The British Heart Foundation (BHF) has launched a £10m national data science centre to drive new research into the prevention and treatment of cardiovascular disease.

Working in partnership with the NHS, clinicians and researchers, the BHF Data Science Centre will use big data analytics to explore new strategies for addressing “the most pressing challenges in heart and circulatory health research”.

The centre will draw data from NHS medical records, national registries and other relevant datasets with the aim of discovering new therapies and medical breakthroughs.

Its work will be underpinned by Health Data Research UK (HDRUK’s) secure health data infrastructure, drawing from its network of Health Data Research Hubs.

Professor Cathie Sudlow, director of the BHF Data Science Centre, said: “As a doctor who has had the privilege of caring for patients, as well as conducting and enabling research studies that rely on large-scale patient data, I’m delighted to be leading this new centre.

“This new centre provides the UK with an unprecedented opportunity to use data for research that will deliver strategies for prevention, innovative new therapies and medical breakthroughs that will ultimately improve the lives of people affected by cardiovascular disease.”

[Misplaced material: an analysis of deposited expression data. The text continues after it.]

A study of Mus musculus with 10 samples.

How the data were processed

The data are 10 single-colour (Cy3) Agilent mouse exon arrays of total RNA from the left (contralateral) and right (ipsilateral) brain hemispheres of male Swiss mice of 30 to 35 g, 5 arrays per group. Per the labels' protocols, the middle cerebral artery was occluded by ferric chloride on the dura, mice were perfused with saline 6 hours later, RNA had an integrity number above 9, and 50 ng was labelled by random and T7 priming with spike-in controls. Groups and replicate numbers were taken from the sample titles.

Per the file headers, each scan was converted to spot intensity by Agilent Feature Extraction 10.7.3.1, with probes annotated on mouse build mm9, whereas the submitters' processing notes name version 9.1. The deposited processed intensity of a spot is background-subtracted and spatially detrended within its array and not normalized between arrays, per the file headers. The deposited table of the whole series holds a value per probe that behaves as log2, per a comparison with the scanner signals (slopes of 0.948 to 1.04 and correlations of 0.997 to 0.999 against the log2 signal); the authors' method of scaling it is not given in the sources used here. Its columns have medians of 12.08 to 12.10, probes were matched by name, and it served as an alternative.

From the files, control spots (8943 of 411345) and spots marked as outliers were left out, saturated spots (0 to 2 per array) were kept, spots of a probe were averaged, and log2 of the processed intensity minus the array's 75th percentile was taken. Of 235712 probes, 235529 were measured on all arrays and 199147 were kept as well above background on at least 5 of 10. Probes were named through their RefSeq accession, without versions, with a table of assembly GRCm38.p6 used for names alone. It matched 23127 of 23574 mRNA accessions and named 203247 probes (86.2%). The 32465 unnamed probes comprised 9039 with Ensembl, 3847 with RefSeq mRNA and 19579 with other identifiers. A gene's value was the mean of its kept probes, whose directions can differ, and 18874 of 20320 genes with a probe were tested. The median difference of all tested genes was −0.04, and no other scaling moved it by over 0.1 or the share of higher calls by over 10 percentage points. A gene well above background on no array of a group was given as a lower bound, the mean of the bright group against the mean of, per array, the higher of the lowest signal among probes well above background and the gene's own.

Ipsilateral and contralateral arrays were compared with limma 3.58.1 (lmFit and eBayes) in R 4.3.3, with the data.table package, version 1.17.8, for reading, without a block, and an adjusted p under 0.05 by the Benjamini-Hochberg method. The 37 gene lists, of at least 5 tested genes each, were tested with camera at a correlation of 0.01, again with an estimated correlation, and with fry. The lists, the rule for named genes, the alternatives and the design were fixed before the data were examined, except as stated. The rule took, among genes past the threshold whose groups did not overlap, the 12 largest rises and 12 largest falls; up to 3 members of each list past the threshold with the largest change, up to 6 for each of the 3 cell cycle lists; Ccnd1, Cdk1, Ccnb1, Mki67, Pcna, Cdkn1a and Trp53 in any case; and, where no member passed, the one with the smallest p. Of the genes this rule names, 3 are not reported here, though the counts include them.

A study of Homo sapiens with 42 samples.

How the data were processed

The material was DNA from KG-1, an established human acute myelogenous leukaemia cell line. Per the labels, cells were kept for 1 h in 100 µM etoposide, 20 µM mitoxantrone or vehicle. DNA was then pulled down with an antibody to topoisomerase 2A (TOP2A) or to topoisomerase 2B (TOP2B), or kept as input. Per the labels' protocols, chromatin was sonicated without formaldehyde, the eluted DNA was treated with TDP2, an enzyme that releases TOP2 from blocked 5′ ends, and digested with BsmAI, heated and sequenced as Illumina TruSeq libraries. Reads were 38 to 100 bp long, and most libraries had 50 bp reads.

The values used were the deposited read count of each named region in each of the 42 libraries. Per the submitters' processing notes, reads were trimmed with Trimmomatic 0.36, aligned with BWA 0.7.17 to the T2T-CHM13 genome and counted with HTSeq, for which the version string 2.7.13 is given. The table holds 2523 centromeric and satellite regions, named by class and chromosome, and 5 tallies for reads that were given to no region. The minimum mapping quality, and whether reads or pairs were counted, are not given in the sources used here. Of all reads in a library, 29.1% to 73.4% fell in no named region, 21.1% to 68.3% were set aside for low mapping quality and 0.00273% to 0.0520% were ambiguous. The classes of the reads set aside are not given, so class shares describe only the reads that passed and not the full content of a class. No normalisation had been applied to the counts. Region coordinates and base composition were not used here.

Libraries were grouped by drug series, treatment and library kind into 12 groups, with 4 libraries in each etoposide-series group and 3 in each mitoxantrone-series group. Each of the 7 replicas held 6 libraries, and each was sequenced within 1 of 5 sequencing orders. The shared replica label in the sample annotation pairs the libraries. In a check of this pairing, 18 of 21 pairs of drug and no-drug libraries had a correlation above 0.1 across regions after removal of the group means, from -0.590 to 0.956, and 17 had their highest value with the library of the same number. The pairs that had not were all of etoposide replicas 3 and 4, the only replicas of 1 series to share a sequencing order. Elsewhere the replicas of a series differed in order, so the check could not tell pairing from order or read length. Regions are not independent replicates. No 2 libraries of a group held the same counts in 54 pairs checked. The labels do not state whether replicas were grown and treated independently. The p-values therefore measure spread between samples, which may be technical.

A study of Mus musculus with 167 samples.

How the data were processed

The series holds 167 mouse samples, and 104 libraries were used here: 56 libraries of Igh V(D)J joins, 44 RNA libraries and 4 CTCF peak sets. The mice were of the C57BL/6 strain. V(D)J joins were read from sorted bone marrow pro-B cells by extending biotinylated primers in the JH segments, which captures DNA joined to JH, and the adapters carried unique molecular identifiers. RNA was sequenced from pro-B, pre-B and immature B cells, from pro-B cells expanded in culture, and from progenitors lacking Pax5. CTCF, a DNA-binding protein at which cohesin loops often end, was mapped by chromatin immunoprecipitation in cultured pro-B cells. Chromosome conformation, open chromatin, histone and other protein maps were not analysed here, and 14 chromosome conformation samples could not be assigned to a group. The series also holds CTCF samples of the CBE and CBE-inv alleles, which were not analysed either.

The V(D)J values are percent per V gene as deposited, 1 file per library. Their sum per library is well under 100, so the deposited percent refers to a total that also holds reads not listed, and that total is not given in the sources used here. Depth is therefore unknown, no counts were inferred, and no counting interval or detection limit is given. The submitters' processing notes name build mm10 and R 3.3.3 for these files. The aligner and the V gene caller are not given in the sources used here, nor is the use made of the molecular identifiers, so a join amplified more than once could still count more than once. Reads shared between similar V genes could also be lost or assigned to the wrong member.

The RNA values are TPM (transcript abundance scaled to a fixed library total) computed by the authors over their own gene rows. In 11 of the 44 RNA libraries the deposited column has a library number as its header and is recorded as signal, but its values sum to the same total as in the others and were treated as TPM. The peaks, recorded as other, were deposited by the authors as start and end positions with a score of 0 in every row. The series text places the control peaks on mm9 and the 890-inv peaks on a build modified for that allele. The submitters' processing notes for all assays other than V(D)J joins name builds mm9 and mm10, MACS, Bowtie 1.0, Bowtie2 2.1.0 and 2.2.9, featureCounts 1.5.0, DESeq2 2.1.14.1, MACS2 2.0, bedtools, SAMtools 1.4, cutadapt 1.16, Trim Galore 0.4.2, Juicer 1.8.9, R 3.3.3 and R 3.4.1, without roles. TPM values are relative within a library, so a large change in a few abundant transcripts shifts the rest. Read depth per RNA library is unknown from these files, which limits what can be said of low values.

Rather than hold data itself, the BHF Data Science Centre will work with HDRUK data controllers to help researchers from the NHS, academia and industry connect the UK’s “large-scale and diverse” cardiovascular data distributed across various entities.

The ultimate aim of the centre is drive research that will lead to better cardiovascular health services, provide patients and health professionals with the tools to make better decisions, and accelerate medical discoveries to patients in the UK.

It follows news in August that the Department of Health and Social Care is exploring explore how analytics and data-driven technologies can deliver personalised health advice to patients.

Professor Sir Nilesh Samani, BHF medical director, said the new data science centre had “the potential to revolutionise the diagnosis, treatment and care of people living with heart and circulatory disease.”

He added: “The UK is blessed with many world-class heart and circulatory disease researchers, spanning a wide range of disciplines. But, as we enter the era of digital medicine, there’s a growing need to foster excellence in data science.

“At the BHF, we recognise the enormous potential of data science and want to create an environment where we can realise that potential. That’s why we’re working with the health research community, key stakeholders, professional bodies and UK data controllers to create the BHF Data Science Centre.”